Maria Arroyo

NYC’s Outernational on Touring South America & Europe

By 30 January, 2015

The first time Sounds and Colours caught up with New York City’s Outernational, they were in the midst of a tour across the United States-Mexico border, on a mission to revolutionize, or at least draw attention to, the debate on immigration.

That ‘Todos Somos Ilegales‘ tour, named after the debut album produced by Tom Morello, took them from the sovereign O’odham lands in Arizona, to places like the border cities of Juarez and Tijuana, Mexico, and Brownsville, Laredo, and El Paso, Texas.

A little over two years later, the band is still spreading their brand of ‘revolution rock,’ but they’ve picked up fans by touring through Mexico (where they played the big Vive Latino festival) Colombia (where they played Rock al Parque) and Argentina, as well as France and Germany. In fact, they’ll be returning to France and Germany in a couple of weeks.

Ahead of their last New York City show for a while, this Saturday, Jan. 31 in Manhattan (featuring Chico Trujillo-like cumbia/gypsy/tropical/ska band, Escarioka, horn-heavy chicha punk outfit, Consumata Sonidera, and Pdrito Criollo of Gogol Bordello fame), we had a chat with guitarist, Leo Mintek, about how spending time in South America and Europe informed their current trajectory and future plans.

Sounds and Colours: So the first time we introduced your band to our readers (June 2012), immigration was being heavily debated, making your somewhat bilingual album, ‘Todos Somos Ilegales,’ and its tour, through the United States, ridiculously timely. In 2015, a little progress has been made, but there is obviously much more to go. What did that album, and touring the states in support of it (obviously talking to fans and pro-immigration/open border supporters), teach you as a band, or as individuals?

Leo Mintek: The impact of that tour and album brought us … to South America and Europe. Every country has the same issue.  In Argentina, the illegals are from Paraguay. In Colombia, the indigenous farmers are treated as illegal occupants. In Mexico, there are illegal Hondurans and Guatemalans.  We saw the conditions that force people to leave everything and seek survival, chasing the dollar, or the euro, or the peso…

We’re going to France and Germany next month, and those countries have their own version of this same imperialist dilemma. In Germany, despite some of the amazing progress their society has made reconciling their Nazi and occupied past, they have a hidden illegal population, from Africa, Asia, Eastern Europe. Last year in France we visited Calais, on the north coast port to the United Kingdom. We met people from Darfur (Sudan), Afghanistan, Kurdistan and Algeria, trying to get to the UK, where they can speak the English they learned in school and hope they will find asylum. Some of the guys of the ride the undercarriage of semi-trucks which load on the ferry boats going to the UK. Some die along the way, others are deported, or just brought back to shore where they try again.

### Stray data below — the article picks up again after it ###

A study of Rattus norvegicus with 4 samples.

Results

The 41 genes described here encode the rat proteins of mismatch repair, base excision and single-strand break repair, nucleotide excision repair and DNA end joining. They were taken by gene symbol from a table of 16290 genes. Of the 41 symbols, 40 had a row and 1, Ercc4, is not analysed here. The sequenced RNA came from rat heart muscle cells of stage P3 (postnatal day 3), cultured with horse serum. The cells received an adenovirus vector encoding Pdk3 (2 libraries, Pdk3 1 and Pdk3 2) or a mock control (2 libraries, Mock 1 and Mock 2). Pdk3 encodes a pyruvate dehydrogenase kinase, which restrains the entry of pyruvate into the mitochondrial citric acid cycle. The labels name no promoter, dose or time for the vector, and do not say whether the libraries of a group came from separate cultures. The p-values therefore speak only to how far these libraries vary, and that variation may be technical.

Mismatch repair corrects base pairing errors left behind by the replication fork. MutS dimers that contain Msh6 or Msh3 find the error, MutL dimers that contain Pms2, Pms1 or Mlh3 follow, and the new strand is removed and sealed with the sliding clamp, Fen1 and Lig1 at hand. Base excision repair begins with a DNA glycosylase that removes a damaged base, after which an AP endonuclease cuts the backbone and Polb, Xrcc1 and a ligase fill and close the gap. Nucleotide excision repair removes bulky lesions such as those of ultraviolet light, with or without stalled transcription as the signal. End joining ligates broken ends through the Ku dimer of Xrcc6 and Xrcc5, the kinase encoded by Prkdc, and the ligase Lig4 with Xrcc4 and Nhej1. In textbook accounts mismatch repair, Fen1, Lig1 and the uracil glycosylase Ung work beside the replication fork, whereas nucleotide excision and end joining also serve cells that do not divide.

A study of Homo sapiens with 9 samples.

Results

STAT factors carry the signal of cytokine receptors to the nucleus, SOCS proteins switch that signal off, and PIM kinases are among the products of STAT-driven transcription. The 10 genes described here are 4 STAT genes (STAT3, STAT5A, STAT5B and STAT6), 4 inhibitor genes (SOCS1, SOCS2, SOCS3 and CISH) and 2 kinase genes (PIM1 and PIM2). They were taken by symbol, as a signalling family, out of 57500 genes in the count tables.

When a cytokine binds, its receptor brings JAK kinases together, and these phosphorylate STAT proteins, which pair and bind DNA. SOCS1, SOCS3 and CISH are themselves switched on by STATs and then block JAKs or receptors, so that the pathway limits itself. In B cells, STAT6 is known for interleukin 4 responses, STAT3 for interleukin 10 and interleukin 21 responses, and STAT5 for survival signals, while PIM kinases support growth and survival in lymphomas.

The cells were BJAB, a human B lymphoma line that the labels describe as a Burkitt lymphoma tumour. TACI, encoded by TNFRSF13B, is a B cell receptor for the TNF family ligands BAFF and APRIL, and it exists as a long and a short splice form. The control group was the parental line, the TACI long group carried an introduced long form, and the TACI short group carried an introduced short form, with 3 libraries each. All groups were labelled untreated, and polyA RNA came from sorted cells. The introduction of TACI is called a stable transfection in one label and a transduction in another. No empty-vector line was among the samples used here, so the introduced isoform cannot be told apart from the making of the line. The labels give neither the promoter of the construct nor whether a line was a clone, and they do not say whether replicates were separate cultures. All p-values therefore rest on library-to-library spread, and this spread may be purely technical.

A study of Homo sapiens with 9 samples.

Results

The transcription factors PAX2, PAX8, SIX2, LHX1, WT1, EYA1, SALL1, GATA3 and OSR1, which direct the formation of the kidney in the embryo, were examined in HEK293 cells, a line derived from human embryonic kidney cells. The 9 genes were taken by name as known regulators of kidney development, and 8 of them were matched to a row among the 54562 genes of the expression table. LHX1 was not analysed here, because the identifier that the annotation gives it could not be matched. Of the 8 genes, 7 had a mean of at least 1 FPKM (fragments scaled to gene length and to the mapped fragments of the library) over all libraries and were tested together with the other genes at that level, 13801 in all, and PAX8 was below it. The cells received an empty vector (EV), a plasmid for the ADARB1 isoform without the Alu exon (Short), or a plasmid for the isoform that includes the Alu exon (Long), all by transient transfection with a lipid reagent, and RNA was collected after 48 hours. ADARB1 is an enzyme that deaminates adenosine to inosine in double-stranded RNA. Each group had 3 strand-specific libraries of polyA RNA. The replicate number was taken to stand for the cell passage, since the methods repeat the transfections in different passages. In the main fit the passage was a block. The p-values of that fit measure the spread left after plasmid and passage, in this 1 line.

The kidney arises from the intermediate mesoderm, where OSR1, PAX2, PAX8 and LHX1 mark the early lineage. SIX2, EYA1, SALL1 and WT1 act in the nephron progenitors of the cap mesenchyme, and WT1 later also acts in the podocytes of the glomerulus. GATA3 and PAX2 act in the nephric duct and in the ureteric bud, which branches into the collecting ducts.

The “immigration problem” is a fundamental contradiction of the modern capitalist neo-colonial imperialist system and we need systemic change. Reform does not address the root causes. The complete acceptance of all human beings as full human beings is lacking in every country run by this vampire business model.

S&C: Music! I hear you’ve been playing a couple of new songs while playing here in New York. Would you say spending time in Colombia, Argentina, France, etc., influenced musically? How?

LM: We heard so much great music.  And we put everything we like into our songs.  I love cumbia villera, Colombian cumbias and salsas, champeta and music from Colombia’s Pacific Coast. In Europe, we heard amazing Turkish and Arabic music. France has a great punk tradition ranging from Mano Negra to O.T.H.  And, Berlin is the home of minimal techno! Germany also has a lot of Wu-Tang style rap music, and what they call “schlager” which is like working class folk/country/rock music.

S&C: Your time in Colombia resulted in DJ collaborations, which netted us remixes by Colombian DJs and producers of your single, “Future Rock.” What is in the works for Outernational, as far as collaborations with other artists or DJs?

LM: We’re working with Mexico City’s Panteon Rococo on a song.  We also started recording a project in Bogotá, in which we tracked an epic session with Colombian bands, Monsieur Periné, Skampida, Consulado Popular, Chirriband, and La Severa Matecera.

Sr. Flavio of [Argentina’s] Los Fabulosos Cadillacs wants to do something with us, too.

We’d say Outernational has a lot in store for their fans. Check out their very cool and border fence/immigration inspired video for “Canta El Rio” (from the Todos Somos Ilegales album that opened so many doors for them), featuring Mexican (and Latin Grammy nominated) singer-songwriter, Ceci Bastida, and wonderful animated-like artwork by Pennsylvania native, Yenna, below.

No strangers to social justice and protests, Outernational have also penned a song inspired by the police killings of Michael Brown and Eric Brown. Listen to “I Can’t Breathe” below.